Rome (Feb. 1)
A movement to secure an International Convention against Antisemitism to be worked under the auspices of the League of Nations has been proposed here by Professor Guido Tedeschi, the author of a number of standard works on civil law and on international law, who is himself a Jew, and Jewish opinion in Italy is showing great interest in the idea. The Jewish weekly “Israel”, which appears in Florence, publishes a number of favourable opinions by prominent Jews in Italy.
In an interview here with the J.T.A. representative, Professor Tedeschi has explained his plan as follows:
The laws existing at present in various countries for punishing persons inciting one section of the population against another have proved entirely inadequate for the purpose of beating back the attacks made on the honour, life and property of Jews. Apart from the objective reasons, there is also the feeling of the judges who try the cases, and who cannot bring themselves to apply the full rigour of the law where the aggrieved party appears to be a Jew.
This evil state of affairs can be met only by special legislation based on an international convention of the Powers. Such special legislation would be nothing new in history. Many of the Popes have issued special laws against anti-Jewish persecution, as, for instance, Pope Innocent IV., who issued a number of bulls threatening those who persecute Jews with excommunication and the confiscation of their possessions. The decrees of Pope Gregory X., and Pope Paul III. on the same subject were similar in tendency. The Polish King Kasimir IV. in his Privileges to the Jews went so far as to provide the death penalty for persons found guilty of tormenting Jews.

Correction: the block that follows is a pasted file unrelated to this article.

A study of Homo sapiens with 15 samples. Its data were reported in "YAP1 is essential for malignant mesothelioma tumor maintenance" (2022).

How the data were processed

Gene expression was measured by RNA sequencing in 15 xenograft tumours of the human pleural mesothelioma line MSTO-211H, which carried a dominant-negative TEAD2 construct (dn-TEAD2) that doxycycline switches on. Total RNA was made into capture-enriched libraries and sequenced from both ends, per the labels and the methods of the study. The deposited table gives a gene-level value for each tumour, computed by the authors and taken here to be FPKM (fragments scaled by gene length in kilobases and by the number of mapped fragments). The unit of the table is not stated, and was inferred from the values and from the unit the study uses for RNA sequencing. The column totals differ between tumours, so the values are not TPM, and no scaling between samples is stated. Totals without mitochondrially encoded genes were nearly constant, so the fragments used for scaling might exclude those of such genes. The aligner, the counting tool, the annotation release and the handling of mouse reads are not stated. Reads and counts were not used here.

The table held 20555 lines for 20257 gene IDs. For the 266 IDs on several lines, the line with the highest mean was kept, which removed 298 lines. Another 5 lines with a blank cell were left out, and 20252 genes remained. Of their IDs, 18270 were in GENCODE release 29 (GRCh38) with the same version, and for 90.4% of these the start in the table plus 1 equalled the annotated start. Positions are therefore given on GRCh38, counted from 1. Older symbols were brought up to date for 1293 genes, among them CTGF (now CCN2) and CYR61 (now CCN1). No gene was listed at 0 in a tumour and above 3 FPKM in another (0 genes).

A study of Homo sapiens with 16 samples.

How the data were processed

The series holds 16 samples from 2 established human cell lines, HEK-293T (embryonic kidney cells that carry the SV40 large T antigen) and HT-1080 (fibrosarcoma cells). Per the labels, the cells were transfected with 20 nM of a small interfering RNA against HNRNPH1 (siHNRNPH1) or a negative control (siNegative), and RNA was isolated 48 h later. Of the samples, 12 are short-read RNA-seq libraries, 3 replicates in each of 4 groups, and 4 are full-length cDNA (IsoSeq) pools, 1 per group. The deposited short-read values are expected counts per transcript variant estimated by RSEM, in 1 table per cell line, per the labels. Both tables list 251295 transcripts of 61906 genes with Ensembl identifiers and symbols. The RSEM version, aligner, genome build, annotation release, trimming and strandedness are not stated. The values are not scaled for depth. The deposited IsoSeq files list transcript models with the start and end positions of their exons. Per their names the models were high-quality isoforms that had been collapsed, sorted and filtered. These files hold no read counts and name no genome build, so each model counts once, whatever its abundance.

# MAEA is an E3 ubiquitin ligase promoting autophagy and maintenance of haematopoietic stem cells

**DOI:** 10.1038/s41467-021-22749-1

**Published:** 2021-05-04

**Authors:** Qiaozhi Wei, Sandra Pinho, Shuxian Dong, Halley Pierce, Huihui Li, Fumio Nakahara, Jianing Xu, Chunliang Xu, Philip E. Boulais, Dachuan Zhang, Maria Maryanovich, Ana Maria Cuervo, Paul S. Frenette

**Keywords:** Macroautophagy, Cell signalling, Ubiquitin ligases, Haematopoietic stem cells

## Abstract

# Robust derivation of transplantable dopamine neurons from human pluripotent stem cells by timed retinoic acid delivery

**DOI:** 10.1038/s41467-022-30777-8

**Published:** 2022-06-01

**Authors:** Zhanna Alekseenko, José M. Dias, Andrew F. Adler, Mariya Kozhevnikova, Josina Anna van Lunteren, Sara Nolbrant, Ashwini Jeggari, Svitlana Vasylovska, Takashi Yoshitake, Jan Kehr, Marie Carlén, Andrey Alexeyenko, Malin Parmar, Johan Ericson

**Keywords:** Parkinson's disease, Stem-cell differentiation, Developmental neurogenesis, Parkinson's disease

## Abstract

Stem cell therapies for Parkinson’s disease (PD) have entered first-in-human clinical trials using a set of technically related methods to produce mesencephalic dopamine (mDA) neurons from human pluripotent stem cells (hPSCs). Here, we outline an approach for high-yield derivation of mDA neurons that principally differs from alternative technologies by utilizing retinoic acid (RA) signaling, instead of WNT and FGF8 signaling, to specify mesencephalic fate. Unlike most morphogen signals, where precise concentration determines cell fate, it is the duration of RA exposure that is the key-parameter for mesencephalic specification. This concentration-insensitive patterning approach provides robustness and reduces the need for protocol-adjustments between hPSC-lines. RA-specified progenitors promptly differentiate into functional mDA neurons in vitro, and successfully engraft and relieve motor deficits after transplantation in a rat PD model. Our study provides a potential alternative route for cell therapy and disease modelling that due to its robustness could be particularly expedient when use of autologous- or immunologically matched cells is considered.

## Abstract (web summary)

Whatever opinion one may hold about the Soviet regime in Russia, we must recognise that antisemitic manifestations of any kind are there proceeded against with exceptional severity. In the same way as antisemitic excesses in Soviet Russia are dealt with as anti-revolutionary sabotage, the other States of the world must declare antisemitic excesses to be anti-State, for in actual fact antisemitic acts undermine the security of the State within, and its prestige without. It would be a difficult matter for many States because of internal political reasons to set up such a code of legislation on their own account, but if the matter is put on an international basis it will be easier for individual States to enact such legislation against antisemitic excesses.
The privilege of taking the initiative in the creation of an International Convention against Antisemitism belongs to Anglo-Jewry, which has for many years shwon great courage in the protection of our co-religionists who have been persecuted in various countries. Anglo-Jewry also possesses a strong, active and influential organisation for the protection of Jewish rights, and it has, moreover, among its members such important political personages as the present Minister of the Interior, Sir Herbert Samuel.
Many Governments which are seriously perturbed because of the antisemitic activities in their countries, which do harm to their interests, would welcome such an international convention, because it would make it much easier for them to put down this destructive antisemitism.